Food and art have a long and illustrious history (think Caravaggio’s ‘The Supper at Emmaus’, or Van Gogh’s ‘Apples’ or ‘Crabs’) – and ever more cafés, restaurants and bars are adding to that tradition in London. A recent post detailed the artistic work of Taylor St Baristas – not a gallery, but a coffee shop.
Though I have yet to find an Italian example (I’m at a loss as to why given a) my obsession with pasta and b) the Italian love of art – any suggestions would be greatly appreciated), one discovery led to another, and thus here are a couple more artistic eateries in London…
Koshari is a delicious and speedy traditional Egyptian street food: a hearty combination of lentils, rice and pasta topped with a spicy tomato sauce and garnished with caramelised onion, boiled chickpeas, dried herbs and nuts. Koshari Street is a new restaurant (read: cramped but cosy alley that bursts onto the street) serving the dish from St Martin’s Lane, just off Trafalgar Square.
Inside you’ll find the stark black and white street art from Egyptian artist Samir M. Zoghby. A self-taught artist, Zoghby works with a modest felt pen and acrylics. Born in Egypt, he completed his education in the USA and served with the US Government. Zoghby says, ‘my work conveys no message but simply looks at the world through the changing prism of earthy humour.’ His signature is all clear lines, blank monochrome and traditional forms; a nadf style mostly influences by his Arab and Czech roots, and experiences in Africa and America. He has designed stamps for UNICEF and the World Food Program.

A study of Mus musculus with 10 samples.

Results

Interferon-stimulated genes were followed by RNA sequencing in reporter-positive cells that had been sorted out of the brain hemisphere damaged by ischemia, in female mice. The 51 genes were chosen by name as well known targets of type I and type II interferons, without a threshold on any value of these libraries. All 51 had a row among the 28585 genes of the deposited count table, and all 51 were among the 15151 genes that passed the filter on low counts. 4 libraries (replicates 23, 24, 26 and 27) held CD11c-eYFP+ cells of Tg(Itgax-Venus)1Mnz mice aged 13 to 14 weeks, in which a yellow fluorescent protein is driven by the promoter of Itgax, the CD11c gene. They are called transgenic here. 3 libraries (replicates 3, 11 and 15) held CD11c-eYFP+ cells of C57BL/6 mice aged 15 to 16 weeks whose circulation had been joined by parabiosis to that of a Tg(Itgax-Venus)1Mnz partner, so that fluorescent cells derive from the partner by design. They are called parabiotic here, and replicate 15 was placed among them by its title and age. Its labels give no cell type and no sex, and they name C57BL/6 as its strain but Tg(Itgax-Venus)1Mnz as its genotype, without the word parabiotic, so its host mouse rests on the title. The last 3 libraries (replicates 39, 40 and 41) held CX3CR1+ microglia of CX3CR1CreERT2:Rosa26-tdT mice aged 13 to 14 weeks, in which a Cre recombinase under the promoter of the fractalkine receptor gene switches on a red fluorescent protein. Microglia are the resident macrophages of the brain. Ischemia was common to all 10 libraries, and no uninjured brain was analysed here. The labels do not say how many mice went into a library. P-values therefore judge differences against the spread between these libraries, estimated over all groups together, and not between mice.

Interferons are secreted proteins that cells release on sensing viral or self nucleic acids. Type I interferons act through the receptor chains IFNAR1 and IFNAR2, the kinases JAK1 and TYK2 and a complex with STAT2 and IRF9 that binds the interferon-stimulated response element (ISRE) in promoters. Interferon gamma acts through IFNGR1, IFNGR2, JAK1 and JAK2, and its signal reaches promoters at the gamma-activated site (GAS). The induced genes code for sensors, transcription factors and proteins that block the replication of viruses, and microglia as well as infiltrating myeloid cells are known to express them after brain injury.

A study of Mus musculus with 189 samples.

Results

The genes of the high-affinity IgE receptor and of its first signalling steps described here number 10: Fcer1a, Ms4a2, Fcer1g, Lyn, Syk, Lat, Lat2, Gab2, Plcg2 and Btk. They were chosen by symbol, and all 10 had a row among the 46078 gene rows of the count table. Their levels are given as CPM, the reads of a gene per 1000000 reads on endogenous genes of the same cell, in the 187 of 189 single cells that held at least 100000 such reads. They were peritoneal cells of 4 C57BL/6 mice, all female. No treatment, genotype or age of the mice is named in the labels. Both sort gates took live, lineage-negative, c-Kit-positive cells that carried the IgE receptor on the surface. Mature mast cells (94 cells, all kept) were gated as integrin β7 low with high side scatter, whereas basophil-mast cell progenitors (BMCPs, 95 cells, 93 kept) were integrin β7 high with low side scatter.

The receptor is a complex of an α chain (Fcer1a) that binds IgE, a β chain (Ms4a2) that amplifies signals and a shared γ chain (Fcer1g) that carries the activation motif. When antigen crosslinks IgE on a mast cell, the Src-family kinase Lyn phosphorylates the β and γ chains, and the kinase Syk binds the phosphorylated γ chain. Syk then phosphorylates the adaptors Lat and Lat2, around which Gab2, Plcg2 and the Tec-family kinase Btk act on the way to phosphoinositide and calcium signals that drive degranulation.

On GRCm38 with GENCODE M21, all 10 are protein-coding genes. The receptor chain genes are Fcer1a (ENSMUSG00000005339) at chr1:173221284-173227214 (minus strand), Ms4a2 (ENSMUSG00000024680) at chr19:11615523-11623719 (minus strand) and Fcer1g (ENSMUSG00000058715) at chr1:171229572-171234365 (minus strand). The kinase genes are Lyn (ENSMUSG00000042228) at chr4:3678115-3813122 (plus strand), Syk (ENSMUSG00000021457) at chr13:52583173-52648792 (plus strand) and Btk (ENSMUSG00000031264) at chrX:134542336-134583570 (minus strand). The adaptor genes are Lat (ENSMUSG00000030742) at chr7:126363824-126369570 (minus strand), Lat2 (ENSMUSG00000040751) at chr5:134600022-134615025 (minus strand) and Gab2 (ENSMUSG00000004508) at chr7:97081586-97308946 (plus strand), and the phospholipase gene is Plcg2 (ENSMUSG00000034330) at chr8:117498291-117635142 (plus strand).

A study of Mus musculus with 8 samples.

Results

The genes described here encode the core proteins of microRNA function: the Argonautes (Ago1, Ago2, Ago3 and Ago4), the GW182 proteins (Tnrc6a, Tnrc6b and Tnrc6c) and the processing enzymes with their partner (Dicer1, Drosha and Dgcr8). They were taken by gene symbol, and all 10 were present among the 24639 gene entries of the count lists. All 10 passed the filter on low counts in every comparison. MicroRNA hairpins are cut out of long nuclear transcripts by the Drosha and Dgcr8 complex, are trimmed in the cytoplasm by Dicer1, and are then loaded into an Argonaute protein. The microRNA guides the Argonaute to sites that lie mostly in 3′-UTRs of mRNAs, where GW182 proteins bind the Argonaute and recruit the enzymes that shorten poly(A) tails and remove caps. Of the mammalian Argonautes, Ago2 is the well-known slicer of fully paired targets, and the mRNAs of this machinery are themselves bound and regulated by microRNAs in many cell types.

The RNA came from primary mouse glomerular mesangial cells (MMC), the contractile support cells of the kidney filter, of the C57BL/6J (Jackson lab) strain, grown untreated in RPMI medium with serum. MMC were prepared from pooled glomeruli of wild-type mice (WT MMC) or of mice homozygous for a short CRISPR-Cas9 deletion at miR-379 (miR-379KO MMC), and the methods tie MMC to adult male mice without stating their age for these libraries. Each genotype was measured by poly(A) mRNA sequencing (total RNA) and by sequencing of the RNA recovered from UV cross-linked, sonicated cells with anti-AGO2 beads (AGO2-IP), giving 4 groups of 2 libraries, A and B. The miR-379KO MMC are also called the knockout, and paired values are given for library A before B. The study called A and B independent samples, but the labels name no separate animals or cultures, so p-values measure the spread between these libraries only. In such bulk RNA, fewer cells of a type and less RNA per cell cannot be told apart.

A slice of Bombay in London, Dishoom is a tribute to the old Bombay cafés – or Irani cafés – a tradition which Dishoom believes has been ‘lost in the frantic rush of progress’. A myriad of hot spiced, salty and sweet tastes, Dishoom offers Indian cuisine with a twist. Dishes are moderate in size but big in zest: packed to the brim with a heady mix of flavours. Their Shoreditch branch is a charming, idiosyncratic blend of warmth and bare decoration.
Dishoom’s art is of the DIY variety: nostalgically reminiscent of the paint-your-own pottery cafés of childhood. Their plate-wallah is a project whereby customers can note their memories of Irani cafés down online, and the best ones (crazy and unusual anecdotes encouraged) are displayed at Dishoom. The more personal the stories, the better. Umbrella-shaped text on a creamy plate tells stories of discovery on rainy days, while jagged strips of words convey incomprehension after the Mumbai terror attack in November 2008.
Of course, there are some gorgeous locations for a drink and a nibble in galleries across London. On a Friday evening in the summer, the Royal Academy’s sunlit courtyard is packed with people sipping Pimm’s amongst posters and sculptures. The Tate Modern bar offers a minimalist interior, with spectacular skyline views across the Thames to St Paul’s; as does the National Portrait Gallery’s restaurant over Trafalgar Square.
Food and art are two of the best ways to get to know the soul of a culture. What makes these eateries so unique is not necessarily the food or drink – though it is fantastic. It’s the sense of a different, original atmosphere which brings comfort and escape. The art infinitely contributes to that in telling the cuisine and café’s story. It brings warmth and fullness to the material comfort of sharing a meal.
With thanks to Koshari Street and Dishoom for photos.